Three Productivity Hacks from a Freelance Writer


Even on a normal day, it can be challenging to keep your attention span in check. But especially in these crisis conditions, your ability to focus is probably stretched to its limit. Many of you are working from home for the first time, have kids out of school, pets literally underfoot, family to reassure from afar, and worried team members across the country.

Despite these extraordinary circumstances, work isn’t paused for the majority of us. It’s one thing to reply to emails in between homeschool lessons or teaching your elderly parents to order groceries online for the first time, but what about your tasks that require uninterrupted concentration? You still need to carve out space for heads-down work.

As a freelance writer, I’ve been working from home for four years. But before that, I was a magazine editor in a noisy office where interruptions were a fact of life. Trust me, no matter where you work, distractions are always present!

Here are three productivity strategies that I tap into when my brain wants to wander.

1) Start a Pomodoro Sprint

When life gives you lemons, call in the tomatoes!

The Pomodoro Technique is a time management tool that focuses on 25-minute sprints of work. Yup, just 25 minutes. There are six steps in the official process, but my version is simpler – pick a task, eliminate distractions, set a timer for 25 minutes, and go. That’s it.

I use this technique whenever productivity is hard to summon for:

  • A dreaded task (I’m looking at you, filing taxes during a pandemic …). The timer forces you to start something unpleasant you’ve been putting off. Plus, 25 minutes is easier to emotionally commit to than an entire hour. Even if you don’t finish your task in that time, you at least know you got somewhere with it. Bonus – this technique works great for cleaning your house too!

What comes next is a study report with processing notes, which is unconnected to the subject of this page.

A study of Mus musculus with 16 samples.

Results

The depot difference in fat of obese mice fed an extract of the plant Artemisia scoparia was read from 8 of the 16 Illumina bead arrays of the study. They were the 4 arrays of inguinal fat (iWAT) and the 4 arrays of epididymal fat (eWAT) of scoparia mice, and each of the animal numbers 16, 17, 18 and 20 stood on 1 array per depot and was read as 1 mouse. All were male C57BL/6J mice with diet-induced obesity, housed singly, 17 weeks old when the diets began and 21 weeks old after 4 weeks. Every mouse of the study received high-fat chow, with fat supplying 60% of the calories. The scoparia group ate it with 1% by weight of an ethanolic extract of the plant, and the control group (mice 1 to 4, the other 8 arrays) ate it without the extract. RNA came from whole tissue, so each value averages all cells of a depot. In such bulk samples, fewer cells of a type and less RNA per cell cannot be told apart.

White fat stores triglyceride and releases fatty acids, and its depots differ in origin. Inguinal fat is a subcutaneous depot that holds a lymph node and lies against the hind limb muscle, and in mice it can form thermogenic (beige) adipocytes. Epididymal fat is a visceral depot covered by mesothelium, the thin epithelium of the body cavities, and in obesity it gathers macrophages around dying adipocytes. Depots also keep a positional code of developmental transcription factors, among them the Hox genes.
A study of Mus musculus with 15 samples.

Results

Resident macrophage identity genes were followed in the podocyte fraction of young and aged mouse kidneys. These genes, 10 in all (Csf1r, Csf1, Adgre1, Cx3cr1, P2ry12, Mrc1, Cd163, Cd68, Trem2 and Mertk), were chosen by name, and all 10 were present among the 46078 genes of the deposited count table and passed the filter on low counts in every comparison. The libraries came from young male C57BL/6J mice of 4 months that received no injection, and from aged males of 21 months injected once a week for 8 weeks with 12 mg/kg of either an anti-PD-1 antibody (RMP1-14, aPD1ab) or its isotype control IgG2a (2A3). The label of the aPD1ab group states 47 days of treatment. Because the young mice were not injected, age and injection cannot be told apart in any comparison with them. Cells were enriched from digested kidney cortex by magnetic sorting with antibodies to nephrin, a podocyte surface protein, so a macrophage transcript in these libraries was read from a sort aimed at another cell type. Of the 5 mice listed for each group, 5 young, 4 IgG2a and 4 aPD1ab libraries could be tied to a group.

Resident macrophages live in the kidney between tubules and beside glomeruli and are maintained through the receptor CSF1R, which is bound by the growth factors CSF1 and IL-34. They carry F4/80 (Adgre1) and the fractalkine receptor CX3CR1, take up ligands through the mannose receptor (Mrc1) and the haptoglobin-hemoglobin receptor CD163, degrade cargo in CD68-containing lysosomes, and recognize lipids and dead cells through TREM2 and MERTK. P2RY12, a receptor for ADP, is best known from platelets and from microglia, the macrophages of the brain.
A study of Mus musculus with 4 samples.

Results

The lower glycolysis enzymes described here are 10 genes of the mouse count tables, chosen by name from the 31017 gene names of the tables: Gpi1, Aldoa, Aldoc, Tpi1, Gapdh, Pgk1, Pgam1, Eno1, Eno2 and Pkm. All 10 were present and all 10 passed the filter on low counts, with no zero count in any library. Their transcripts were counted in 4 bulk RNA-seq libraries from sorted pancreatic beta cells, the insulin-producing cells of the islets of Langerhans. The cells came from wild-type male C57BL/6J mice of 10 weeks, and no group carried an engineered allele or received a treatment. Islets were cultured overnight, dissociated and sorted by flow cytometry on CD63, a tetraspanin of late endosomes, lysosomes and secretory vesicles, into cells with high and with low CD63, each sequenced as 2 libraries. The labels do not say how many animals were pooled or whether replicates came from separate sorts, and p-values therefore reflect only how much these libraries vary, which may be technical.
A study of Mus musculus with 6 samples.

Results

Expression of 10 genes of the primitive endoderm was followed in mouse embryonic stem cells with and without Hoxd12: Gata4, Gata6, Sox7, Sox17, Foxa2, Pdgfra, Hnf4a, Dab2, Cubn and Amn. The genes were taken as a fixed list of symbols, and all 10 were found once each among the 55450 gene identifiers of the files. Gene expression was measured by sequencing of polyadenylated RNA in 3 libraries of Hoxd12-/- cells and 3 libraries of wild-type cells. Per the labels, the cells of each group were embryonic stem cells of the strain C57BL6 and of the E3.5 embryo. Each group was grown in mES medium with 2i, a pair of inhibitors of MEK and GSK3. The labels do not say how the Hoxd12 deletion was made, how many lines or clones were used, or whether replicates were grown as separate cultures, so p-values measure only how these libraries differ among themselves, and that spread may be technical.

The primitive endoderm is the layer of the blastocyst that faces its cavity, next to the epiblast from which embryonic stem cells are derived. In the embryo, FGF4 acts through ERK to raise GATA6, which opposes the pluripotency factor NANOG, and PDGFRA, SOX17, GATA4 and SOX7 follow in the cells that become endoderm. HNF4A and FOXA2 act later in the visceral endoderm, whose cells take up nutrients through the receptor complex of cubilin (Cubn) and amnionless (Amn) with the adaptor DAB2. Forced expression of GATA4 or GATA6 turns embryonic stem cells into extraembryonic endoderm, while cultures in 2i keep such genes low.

• A project that requires monotasking. Plenty of studies have shown that humans are terrible at multitasking. But modern habits make it difficult to monotask. My secret is that the Pomodoro method is actually a psychological trick! You see, sometimes we just need to commit a few minutes to getting into a groove. I regularly find that one Pomodoro turns into two because I’ve gotten into the zone. You might be surprised at how much you can accomplish in 50 minutes.

2) Eat a Frog

Figurative, not literal!

This advice comes from a productivity book by Brian Tracy*. The idea is that your “frog” is an unpleasant task – it is mentally best to tackle it first thing in the morning so it’s out of the way.

I don’t actually subscribe to “eating your frog” as the very first task of your day. First of all, not everyone functions the best in the morning. Or you might have scheduled obligations during that window. For example, I teach at a community college from 8-10am two days a week – my students most definitely aren’t my frogs!

What is important is recognizing A) what that “frog” task is and B) when is the best time to throw your mental resources at it. After lunch, before dinner, late at night – just tackle it without distractions.    

* As an English major, I’m morally obligated to say that the quote about eating a frog is grossly misattributed to Mark Twain.

3) Find the Log Jam

Warning – this will be a painful strategy to adopt.

I bet you already know which task in your queue is your “600-pound gorilla in the room.” Oh yes, the one that’s weighing you down on your nerves even as you’re doing your best to avoid it. Chances are it’s either a big, complicated project or one that’s moved beyond the frog stage and turned into a bear.

Take a deep breath and face that beast of a project. To free a log jam, you need to make real progress on it. But the benefits outweigh the discomfort. You’ll alleviate stress, boost productivity, banish guilt, and get the creative juices flowing. Every minute working on your log jam is a minute toward getting it off your plate.

These are just a handful of tactics to help you slog through your to-do list! Which time management techniques do you use?

Jennie Morton

Jennie Morton

Jennie Morton is an engineering writer and owner of Herringbone Freelance. She loves getting inside the heads of subject matter experts and helping them share their valuable knowledge. When she’s not writing, Jennie is a passionate architecture nerd and champion of historic building preservation. Connect with her at herringbonefreelance@gmail.com.